Chuks Okocha in Abuja
The Independent National Electoral Commission (INEC) has said that it is closely monitoring pre-election litigations from the courts and vowed to obey all genuine court orders.
In a statement issued by INEC’s National Commissioner and Chairman of Voters Information and Education, Mr. Festus Okoye, the electoral body said: “the commission is closely monitoring the cases arising from the administration of political parties, the conduct of primaries and nomination of candidates. This notwithstanding, the commission restates its avowed commitment to continue to obey all orders and judgments from properly constituted courts in accordance with the rule of law.
The clarification came against the backdrop of the intra-party legal battles in both the ruling All Progressives Congress (APC) and the Peoples Democratic Party (PDP) and the attendant conflicting court orders arising from the multiple cases filed by the contending forces.
According to Okoye, “political parties should note that the organisation and scheduling of various activities and processes leading to the conduct of elections are complex and involve extensive and careful planning and any disruption of these processes comes at a huge cost to the nation.
“The spate and tenor of pre-election litigations and the conflicting orders emanating therefrom can harm the smooth conduct of primaries and the upcoming elections.
“The commission is closely monitoring the cases arising from the administration of political parties, the conduct of primaries and nomination of candidates. This notwithstanding, the commission restates its avowed commitment to continue to obey all orders and judgments from properly constituted courts in accordance with the rule of law.”
However, a source in INEC, while responding to THISDAY inquiry on how the commission will determine which court order is valid or not without being seen as sitting in an appeal on the court orders or cherry picking, said Section 87(10) of the Electoral Act, which says no court shall stop the holding of any primary or main election pending the determination of the substantive suit, would guide the commission.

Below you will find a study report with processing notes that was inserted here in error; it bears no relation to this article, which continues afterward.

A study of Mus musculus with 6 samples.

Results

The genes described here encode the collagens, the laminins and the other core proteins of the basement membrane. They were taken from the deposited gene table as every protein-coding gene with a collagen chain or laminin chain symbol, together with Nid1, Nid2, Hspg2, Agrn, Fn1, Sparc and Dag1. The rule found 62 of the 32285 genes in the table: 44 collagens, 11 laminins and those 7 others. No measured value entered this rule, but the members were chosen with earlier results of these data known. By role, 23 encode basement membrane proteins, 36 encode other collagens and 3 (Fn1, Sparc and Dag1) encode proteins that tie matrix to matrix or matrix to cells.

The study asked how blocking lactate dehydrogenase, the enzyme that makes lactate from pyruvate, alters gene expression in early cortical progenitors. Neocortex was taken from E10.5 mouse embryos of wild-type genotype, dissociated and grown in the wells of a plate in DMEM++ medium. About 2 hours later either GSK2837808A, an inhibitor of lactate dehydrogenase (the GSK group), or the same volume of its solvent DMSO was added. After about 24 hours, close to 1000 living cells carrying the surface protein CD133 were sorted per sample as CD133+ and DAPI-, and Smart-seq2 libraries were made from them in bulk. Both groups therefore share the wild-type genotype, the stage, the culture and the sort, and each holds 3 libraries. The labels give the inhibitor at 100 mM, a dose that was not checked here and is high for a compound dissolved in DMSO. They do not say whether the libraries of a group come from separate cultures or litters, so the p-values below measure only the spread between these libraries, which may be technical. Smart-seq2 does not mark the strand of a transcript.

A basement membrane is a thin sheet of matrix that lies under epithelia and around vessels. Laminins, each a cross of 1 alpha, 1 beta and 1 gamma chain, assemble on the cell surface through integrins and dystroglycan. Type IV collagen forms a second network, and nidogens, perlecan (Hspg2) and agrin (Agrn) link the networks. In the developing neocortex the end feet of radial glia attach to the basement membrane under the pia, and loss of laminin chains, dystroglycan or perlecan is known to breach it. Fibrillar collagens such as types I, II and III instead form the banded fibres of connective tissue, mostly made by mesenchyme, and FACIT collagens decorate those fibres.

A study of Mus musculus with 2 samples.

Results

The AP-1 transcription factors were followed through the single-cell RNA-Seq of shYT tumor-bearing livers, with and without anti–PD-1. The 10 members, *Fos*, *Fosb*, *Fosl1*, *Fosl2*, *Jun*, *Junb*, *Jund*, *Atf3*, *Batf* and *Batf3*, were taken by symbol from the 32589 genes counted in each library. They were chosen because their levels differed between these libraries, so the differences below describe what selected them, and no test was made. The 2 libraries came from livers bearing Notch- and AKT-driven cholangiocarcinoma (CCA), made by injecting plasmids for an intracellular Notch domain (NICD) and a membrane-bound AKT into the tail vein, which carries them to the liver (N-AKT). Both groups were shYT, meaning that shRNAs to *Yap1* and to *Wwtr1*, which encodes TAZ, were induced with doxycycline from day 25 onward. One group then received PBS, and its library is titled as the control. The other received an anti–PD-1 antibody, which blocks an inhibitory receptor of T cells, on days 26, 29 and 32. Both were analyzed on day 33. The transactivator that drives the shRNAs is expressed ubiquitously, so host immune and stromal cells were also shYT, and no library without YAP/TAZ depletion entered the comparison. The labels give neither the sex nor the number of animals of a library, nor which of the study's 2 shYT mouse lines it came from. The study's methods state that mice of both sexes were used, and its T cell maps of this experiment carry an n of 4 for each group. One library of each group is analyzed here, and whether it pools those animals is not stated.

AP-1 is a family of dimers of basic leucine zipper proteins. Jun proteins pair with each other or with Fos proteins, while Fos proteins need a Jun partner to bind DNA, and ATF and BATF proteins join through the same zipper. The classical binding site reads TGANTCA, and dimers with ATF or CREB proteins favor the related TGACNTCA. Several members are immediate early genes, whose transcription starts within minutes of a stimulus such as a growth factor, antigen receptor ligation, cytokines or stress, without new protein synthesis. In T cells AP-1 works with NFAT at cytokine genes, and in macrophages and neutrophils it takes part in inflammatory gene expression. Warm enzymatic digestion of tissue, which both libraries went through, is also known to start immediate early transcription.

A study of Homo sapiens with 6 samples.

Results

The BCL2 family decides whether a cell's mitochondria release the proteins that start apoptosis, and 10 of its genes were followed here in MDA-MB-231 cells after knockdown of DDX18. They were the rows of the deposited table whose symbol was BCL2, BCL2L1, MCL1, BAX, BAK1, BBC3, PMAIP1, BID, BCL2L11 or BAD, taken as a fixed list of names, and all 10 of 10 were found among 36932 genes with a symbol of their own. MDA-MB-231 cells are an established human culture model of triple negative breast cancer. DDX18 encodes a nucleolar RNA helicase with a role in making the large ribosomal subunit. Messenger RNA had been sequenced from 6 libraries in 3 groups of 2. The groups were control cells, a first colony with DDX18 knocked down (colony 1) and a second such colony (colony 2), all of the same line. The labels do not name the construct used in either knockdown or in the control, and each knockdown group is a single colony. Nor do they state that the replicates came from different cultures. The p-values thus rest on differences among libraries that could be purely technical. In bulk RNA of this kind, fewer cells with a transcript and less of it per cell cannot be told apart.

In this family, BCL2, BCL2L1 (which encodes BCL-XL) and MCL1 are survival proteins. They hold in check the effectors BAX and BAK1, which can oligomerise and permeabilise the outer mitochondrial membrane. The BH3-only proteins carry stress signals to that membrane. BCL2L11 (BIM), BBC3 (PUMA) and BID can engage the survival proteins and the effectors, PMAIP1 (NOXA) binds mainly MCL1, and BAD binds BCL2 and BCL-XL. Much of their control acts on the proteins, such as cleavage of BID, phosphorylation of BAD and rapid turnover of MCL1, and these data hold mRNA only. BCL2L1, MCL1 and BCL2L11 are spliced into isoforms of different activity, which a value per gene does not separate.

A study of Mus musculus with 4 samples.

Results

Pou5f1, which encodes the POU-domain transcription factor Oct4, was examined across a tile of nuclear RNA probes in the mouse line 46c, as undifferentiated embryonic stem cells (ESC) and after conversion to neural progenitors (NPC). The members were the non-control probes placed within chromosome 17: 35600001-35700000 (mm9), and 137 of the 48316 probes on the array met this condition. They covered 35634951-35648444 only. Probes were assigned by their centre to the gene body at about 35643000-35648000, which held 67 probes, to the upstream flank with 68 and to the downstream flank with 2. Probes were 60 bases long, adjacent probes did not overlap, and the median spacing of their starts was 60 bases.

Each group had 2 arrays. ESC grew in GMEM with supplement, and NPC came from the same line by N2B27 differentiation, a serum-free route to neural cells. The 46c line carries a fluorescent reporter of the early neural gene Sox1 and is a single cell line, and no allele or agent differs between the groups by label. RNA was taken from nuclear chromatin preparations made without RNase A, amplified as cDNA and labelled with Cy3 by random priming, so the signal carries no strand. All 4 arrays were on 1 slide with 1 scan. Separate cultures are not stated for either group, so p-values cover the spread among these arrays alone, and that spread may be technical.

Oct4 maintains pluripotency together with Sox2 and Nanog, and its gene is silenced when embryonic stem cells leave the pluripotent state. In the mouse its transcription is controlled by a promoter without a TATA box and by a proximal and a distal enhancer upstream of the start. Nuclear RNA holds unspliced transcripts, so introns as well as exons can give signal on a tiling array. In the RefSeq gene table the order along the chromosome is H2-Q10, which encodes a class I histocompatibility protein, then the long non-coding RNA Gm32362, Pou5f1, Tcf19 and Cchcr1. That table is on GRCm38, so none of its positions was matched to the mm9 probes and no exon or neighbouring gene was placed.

Section 87 (10) of the Electoral Act says: “Notwithstanding the provisions of the Act or rules of a political party, an aspirant who complains that any of the provisions of this Act and the guidelines of a political party has not been complied with in the selection or nomination of a candidate of a political party for election, may apply to the Federal High Court or the High Court of a State, for redress”.
The source referred THISDAY to Section 31 (5) of the Electoral Act and Section 87 (9) of the Electoral Act to determine what constitutes an electoral grievance and the appropriate courts where such grievances shall be heard. He listed the courts to be Federal High Court, State High Court or an FCT High Court.
Okoye also said the commission reiterated that there would be no extension of the dates for primaries as well as the submission of names of candidates of political parties for the governorship primary elections.
“The conduct of party primaries, including resolution of disputes arising there from will end on Saturday, June 27, 2020, while the submission of the list of candidates the parties propose to sponsor at the election and affidavits of validly nominated candidates will close at 6p.m. on Monday, June 29, 2020.”
INEC said as part of its commitment to deepen the use of technology in elections, it would conduct a training programme for liaison officers nominated by all the registered political parties on the use of the INEC portal for uploading nomination forms of candidates.